Silicosis warning on stone kitchen worktops
The TUC has warned that the current global trend for stone worktops in kitchens is putting the lungs of workers around the world at risk of deadly silicosis and lung cancer.
Writing in the TUC Stronger Unions blog, Hugh Robertson, the union’s Head of Health and Safety, recently warned that “stone” worktops in kitchens have become very fashionable in Britain, yet many people are unaware of the risks of such work.
Robertson says he was made aware of the problem last month when he met with a lung consultant, who mentioned that half of all lung transplants in Israel are due to work with engineered stone.
Indeed, almost all of the “stone”, “quartz” or “marble” kitchen worktops and tiles that are becoming popular are in fact “engineered”, which means they are made from pieces of ground stone and resin.
When engineered stone is being made and worked on, it produces very small silica particles. Workers who inhale these are at risk of silicosis — an incurable, progressively disabling and sometimes fatal lung disease — as well as lung cancer.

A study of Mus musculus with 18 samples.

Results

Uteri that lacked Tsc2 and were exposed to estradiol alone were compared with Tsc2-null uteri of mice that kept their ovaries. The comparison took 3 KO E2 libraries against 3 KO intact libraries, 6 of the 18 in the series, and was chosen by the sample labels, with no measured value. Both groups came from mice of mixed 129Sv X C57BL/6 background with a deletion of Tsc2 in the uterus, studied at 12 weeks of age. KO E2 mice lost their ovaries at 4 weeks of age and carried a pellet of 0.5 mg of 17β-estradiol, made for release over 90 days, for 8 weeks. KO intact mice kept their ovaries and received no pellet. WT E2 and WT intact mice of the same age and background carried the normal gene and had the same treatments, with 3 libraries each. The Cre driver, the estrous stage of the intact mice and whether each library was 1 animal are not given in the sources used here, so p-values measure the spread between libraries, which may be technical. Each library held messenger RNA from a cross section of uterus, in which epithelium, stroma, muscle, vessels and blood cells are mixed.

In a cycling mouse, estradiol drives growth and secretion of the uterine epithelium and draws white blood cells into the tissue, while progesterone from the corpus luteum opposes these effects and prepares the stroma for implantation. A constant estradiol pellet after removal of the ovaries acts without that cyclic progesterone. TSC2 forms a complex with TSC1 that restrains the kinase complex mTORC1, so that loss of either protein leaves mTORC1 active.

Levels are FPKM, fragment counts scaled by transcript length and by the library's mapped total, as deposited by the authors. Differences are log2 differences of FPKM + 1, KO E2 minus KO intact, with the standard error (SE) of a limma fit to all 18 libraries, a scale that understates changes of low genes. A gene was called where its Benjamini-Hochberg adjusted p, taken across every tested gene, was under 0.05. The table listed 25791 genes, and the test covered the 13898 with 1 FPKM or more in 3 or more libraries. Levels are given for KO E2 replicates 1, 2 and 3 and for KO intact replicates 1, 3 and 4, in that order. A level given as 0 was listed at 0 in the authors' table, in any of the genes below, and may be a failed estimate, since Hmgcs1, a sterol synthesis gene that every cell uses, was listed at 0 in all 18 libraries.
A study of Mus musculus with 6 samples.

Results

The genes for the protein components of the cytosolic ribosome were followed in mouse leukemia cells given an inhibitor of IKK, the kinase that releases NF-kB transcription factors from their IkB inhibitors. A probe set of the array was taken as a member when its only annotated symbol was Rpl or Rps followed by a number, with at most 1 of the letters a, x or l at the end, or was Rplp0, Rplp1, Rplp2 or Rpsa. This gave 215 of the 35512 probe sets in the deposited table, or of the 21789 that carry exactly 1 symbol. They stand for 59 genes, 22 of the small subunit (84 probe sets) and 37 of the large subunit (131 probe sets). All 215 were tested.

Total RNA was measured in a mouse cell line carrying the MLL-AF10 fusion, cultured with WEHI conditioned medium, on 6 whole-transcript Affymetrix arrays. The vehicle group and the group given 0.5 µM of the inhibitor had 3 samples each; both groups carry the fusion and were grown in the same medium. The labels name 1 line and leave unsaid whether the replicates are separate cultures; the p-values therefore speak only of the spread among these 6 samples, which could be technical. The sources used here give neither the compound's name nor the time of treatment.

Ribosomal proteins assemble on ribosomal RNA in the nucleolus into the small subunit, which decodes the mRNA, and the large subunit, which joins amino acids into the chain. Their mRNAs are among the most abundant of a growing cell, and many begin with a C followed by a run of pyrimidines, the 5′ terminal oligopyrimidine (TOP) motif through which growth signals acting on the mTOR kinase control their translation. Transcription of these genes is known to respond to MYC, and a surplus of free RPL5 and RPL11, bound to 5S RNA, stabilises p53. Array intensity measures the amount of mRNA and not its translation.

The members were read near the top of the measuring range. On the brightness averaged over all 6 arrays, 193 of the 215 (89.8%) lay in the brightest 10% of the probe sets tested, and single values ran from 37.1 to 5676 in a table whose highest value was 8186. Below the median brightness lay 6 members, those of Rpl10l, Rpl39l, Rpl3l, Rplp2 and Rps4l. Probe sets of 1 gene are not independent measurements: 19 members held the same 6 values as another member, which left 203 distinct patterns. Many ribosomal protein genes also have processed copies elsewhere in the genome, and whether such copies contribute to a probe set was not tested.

In the UK, Hugh Robertson says thousands of kitchen installers saw, drill or grind slabs of this engineered stone as part of finishing and installing worktops. He warns there are even greater exposures in the manufacture of the slabs, where workers are using materials that can contain over 90% silica.
Outbreaks of disabling silicosis have been reported in Israel, Spain and Australia but, according to Robertson, China and India are the biggest producers where figures on the workers affected are not available.
He added, “Nor do we know the number of people being exposed in the UK … given the rising popularity of this material, we face a new wave of workers’ lungs being destroyed by silica unless action is taken now to ensure that workers are made aware of the risks and proper precautions taken.”